Living with cancer: An ST series

More women choosing breast reconstruction

A mock-up of a breast conserving surgery with the use of ultrasound at Changi General Hospital.
A mock-up of a breast conserving surgery with the use of ultrasound at Changi General Hospital.PHOTO: ST FILE

More women in Singapore are opting for breast reconstruction after having a mastectomy to remove cancer tumours in their breasts.

This comes amid two trends that underline the need for this option.

First, many more women - almost 1,900 a year - are being diagnosed with breast cancer here than in the past. Second, most of them survive for longer periods after a mastectomy and some then turn to breast reconstruction after surgery.

Dr Chan Ching Wan, a senior breast cancer surgeon at the National University Cancer Institute, Singapore (NCIS), said that in 2010, 44 per cent of its patients who had undergone a mastectomy had their breasts reconstructed. In 2001, only 8 per cent had taken this option.

Breast reconstruction is considered part of the medical treatment and is covered by insurance such as MediShield Life. People may also draw on Medisave to pay for it.

 
 
 

Breast cancer usually occurs in one breast. If the tumour is large, removing it and some of the surrounding tissues would leave the woman flat on one side of her chest. Reconstruction rebuilds this breast to match the healthy one.

Breast reconstruction can be done with silicone implants, with tissue taken from the abdomen and back, or less commonly with tissue from the buttocks and thighs.

The advantage of a silicone implant is faster recovery as there is surgery at just one site. Also, removing tissue from the tummy could weaken it and this would be a concern for more physically active women.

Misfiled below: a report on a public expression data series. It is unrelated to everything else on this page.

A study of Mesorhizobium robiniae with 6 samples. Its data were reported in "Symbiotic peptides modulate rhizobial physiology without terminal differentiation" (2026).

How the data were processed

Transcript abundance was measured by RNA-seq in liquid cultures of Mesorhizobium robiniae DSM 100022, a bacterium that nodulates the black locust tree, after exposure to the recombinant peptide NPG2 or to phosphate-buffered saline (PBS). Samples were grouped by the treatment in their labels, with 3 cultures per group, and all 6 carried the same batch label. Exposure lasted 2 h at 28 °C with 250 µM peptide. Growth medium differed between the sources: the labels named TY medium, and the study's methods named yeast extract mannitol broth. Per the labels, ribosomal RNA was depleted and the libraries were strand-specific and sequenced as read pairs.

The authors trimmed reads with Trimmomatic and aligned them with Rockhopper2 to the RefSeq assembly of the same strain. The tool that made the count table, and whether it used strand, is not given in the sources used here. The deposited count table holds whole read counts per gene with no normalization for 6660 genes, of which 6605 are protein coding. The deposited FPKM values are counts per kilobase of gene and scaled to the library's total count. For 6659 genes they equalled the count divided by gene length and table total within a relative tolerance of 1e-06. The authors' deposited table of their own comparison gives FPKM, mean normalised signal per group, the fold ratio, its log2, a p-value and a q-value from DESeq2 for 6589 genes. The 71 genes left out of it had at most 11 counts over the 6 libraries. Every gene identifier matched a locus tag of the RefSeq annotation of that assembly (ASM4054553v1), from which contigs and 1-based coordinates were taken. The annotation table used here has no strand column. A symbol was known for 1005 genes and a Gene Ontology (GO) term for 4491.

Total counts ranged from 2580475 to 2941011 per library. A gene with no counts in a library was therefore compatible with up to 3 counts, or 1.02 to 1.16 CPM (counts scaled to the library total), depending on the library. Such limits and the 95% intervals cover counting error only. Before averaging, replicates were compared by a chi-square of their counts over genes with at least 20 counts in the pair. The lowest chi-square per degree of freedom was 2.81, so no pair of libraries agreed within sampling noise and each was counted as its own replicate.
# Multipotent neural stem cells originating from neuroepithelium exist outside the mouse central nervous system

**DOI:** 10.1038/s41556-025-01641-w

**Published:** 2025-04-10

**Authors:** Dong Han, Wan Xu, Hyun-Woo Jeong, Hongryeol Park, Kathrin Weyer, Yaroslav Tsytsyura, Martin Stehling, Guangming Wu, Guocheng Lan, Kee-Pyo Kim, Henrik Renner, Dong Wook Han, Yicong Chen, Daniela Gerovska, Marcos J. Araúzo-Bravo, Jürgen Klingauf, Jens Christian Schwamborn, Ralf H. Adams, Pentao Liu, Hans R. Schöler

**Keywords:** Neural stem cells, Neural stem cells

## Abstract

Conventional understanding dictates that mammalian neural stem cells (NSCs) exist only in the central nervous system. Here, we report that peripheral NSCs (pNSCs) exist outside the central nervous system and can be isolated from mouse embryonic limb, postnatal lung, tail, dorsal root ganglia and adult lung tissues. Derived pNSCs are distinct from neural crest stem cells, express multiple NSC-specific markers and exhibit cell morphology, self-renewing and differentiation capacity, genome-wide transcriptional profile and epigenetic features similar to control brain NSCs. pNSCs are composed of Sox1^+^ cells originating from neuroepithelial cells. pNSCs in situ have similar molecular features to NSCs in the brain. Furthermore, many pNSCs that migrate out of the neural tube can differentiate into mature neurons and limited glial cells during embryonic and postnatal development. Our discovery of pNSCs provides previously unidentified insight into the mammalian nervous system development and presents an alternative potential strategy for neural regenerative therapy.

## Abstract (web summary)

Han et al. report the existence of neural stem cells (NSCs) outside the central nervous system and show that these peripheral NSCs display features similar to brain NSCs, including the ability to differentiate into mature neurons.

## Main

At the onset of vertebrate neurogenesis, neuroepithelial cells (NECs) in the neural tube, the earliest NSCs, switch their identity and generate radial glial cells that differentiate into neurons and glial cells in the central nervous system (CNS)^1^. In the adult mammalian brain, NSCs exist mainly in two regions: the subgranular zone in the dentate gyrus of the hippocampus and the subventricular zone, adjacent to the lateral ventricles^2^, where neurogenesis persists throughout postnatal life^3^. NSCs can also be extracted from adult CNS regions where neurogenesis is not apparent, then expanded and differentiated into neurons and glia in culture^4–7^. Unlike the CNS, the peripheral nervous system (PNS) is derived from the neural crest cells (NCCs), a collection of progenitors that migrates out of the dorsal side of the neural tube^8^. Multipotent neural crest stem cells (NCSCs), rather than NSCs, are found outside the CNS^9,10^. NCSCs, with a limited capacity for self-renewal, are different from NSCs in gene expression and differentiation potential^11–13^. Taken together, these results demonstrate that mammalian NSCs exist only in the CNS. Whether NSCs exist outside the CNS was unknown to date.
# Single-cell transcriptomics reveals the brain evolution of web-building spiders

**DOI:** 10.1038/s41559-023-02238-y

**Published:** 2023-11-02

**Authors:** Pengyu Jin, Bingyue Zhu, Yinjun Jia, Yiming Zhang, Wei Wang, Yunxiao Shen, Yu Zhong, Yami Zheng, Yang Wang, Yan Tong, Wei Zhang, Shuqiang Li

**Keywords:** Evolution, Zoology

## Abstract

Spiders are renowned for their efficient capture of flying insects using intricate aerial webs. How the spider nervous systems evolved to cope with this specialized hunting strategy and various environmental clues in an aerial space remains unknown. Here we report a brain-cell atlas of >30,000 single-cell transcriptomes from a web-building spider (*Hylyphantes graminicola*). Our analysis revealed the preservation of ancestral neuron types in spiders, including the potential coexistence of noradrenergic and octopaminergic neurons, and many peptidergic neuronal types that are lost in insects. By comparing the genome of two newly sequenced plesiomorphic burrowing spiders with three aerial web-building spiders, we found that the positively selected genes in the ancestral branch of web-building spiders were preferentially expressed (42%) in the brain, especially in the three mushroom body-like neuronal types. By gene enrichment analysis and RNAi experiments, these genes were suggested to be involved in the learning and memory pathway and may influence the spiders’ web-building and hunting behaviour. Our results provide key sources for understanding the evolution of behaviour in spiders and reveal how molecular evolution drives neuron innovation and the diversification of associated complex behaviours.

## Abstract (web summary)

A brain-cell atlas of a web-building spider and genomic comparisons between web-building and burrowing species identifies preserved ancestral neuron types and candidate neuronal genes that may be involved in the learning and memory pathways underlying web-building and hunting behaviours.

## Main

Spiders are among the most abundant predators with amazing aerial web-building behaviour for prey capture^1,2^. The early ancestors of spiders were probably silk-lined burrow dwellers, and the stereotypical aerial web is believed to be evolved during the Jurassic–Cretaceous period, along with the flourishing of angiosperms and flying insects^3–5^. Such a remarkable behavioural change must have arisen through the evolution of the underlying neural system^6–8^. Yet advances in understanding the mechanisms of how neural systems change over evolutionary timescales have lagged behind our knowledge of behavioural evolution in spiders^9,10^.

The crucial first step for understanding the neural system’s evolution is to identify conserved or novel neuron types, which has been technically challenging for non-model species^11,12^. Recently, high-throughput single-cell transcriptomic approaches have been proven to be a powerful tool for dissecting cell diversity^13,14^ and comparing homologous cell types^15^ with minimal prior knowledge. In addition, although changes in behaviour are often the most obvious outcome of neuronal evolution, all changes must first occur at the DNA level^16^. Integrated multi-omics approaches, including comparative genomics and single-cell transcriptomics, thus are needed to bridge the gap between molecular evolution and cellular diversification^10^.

However, implants are supposed to be changed after 15 years. Dr Yap Yan Lin, a plastic surgeon at NCIS, said she has known women to keep the same implant for 30 years. It does not go bad or rupture, but she said that over time, it can lose shape.

Dr Chan said if the cancer is likely to recur, she would recommend implants, as this leaves the option of using one's own tissue the next time.

Doctors say most women opt for tissue transplant because the reconstructed breast looks more natural.

Dr Ong Wei Chen, a senior reconstructive and aesthetic plastic surgeon at National University Hospital, said she would discourage women with sagging breasts from choosing implants, as their breasts would look unbalanced. When a woman's own tissue is used, the reconstructed breast will sag at about the same rate as the real breast, she said.

About a third of women who have had a mastectomy can choose a newer technique that preserves their nipples. Dr Chan said she tries to preserve the nipple if the tumour site is distant. She sends a bit of tissue from the area to the laboratory to check for any cancerous cells, while the surgery is going on.

The nipple is removed only if there are cancerous cells.